The UK has improved its position in the European pay league in the last 12 months, according to research by consultancy Towers Watson.
Its Global 50 remuneration planning report found that base salaries for professional staff in the UK at both entry and middle-manager level are now ranked thirteenth and seventh, respectively, out of the top 15 European economies, compared to fifteenth and tenth in 2013.
However, the UK remains near the bottom of the salary grid for entry-level employees, despite rising above Spain and Italy in 2014.
The research also found:
- Entry-level pay is Switzerland is more than twice of what equivalent UK worker could expect to earn (£66,671 per annum (pa) compared to £27,199 pa).
- The UK continues to lag significantly behind the rest of the top five, Denmark, Luxembourg, Norway and Germany, for entry-level pay.
- For middle-management base salaries, the UK ranks higher than the Netherlands, Austria and Ireland in 2014.
- Despite the UK’s upward movement in this ranking, base salaries remain over £10,000 pa behind the top three European countries: Switzerland, Luxembourg and Germany.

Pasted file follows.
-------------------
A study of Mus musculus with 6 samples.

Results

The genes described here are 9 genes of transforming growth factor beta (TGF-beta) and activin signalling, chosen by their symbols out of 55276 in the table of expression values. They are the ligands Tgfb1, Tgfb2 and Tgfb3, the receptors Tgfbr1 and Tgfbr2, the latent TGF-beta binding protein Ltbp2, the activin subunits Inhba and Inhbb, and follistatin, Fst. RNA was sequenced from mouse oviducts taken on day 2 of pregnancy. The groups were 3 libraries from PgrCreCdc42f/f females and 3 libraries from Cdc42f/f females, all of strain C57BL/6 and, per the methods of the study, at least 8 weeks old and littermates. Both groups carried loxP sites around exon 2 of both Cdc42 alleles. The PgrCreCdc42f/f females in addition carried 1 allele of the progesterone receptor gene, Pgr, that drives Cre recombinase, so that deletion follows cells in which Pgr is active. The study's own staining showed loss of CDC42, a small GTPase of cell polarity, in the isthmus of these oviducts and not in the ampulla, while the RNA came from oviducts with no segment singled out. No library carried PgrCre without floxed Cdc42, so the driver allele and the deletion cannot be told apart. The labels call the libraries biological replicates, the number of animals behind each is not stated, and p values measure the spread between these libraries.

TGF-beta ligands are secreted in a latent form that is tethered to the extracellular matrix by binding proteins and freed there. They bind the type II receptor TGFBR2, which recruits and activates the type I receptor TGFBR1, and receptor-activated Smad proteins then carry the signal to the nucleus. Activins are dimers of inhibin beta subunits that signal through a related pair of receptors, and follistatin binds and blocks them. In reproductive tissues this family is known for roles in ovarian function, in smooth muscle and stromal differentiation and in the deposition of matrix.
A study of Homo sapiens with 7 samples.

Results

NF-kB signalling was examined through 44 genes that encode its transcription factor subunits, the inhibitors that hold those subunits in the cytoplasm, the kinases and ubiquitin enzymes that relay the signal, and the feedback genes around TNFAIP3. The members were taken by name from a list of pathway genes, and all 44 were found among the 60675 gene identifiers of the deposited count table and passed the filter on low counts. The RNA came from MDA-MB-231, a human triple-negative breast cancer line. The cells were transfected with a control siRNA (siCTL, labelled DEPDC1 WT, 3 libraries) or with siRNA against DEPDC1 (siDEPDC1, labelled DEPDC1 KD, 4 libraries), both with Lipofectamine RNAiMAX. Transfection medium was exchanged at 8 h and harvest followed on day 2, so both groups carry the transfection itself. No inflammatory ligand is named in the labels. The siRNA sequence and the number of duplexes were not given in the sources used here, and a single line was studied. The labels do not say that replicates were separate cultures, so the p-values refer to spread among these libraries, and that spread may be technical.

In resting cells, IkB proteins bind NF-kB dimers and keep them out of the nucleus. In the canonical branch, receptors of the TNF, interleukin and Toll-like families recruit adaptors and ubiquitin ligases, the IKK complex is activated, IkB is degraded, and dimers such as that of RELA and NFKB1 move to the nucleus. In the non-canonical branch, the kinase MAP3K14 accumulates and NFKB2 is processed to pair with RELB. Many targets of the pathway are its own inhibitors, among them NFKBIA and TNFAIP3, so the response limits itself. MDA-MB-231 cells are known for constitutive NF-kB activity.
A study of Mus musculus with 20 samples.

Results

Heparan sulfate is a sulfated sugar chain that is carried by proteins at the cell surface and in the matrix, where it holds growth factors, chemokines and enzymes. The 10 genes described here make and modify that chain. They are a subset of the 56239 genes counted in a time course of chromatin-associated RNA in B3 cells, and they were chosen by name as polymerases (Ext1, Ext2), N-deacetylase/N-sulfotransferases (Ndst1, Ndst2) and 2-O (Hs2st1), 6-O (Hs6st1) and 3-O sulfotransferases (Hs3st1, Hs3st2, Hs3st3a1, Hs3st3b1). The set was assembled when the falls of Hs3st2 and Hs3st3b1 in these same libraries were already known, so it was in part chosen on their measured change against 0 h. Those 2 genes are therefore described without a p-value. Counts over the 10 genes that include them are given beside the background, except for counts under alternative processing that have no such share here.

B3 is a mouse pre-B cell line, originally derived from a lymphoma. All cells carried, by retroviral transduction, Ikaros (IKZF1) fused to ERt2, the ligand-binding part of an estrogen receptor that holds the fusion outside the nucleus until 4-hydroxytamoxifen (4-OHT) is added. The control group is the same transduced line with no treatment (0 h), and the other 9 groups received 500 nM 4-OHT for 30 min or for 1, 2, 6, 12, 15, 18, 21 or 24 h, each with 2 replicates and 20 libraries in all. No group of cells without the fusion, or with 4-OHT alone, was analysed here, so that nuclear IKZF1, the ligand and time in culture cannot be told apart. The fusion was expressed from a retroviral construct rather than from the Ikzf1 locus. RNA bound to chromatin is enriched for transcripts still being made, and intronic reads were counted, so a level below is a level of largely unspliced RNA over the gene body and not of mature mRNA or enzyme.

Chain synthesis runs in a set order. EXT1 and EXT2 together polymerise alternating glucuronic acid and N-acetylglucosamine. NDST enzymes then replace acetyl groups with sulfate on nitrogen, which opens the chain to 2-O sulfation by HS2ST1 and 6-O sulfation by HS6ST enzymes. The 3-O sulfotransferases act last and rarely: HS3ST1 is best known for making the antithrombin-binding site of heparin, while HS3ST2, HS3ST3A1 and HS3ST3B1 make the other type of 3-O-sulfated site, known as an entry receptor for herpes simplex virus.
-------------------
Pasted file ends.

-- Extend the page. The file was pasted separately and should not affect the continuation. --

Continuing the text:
Darryl Davis, senior consultant in Towers Watson’s data services team, said: “While our latest gross salary data does show some positive movement for the UK, on the European level there still remains a considerable gap in gross salary terms between it and the continent’s highest wage markets.
“UK wages are able to grow in a healthy way while remaining competitive in cost terms versus other Western European economies.”
Carole Hathaway, global leader of Towers Watson’s rewards practice, said: “Our most recent study shows that base pay remains the number one consideration for individuals when they are deciding to join or leave an employer.
“The 2014 pay league tables suggest that UK employers are responding to certain pay pressures in terms of their base salary within the constraints of a challenging economy.
“However, employers do have the opportunity to further increase the perceived value of their overall offer by enhancing the non-financial aspects of the deal such as career advancement opportunities, learning and development programmes and flexible-work arrangements, and to communicate the deal more effectively to employees.”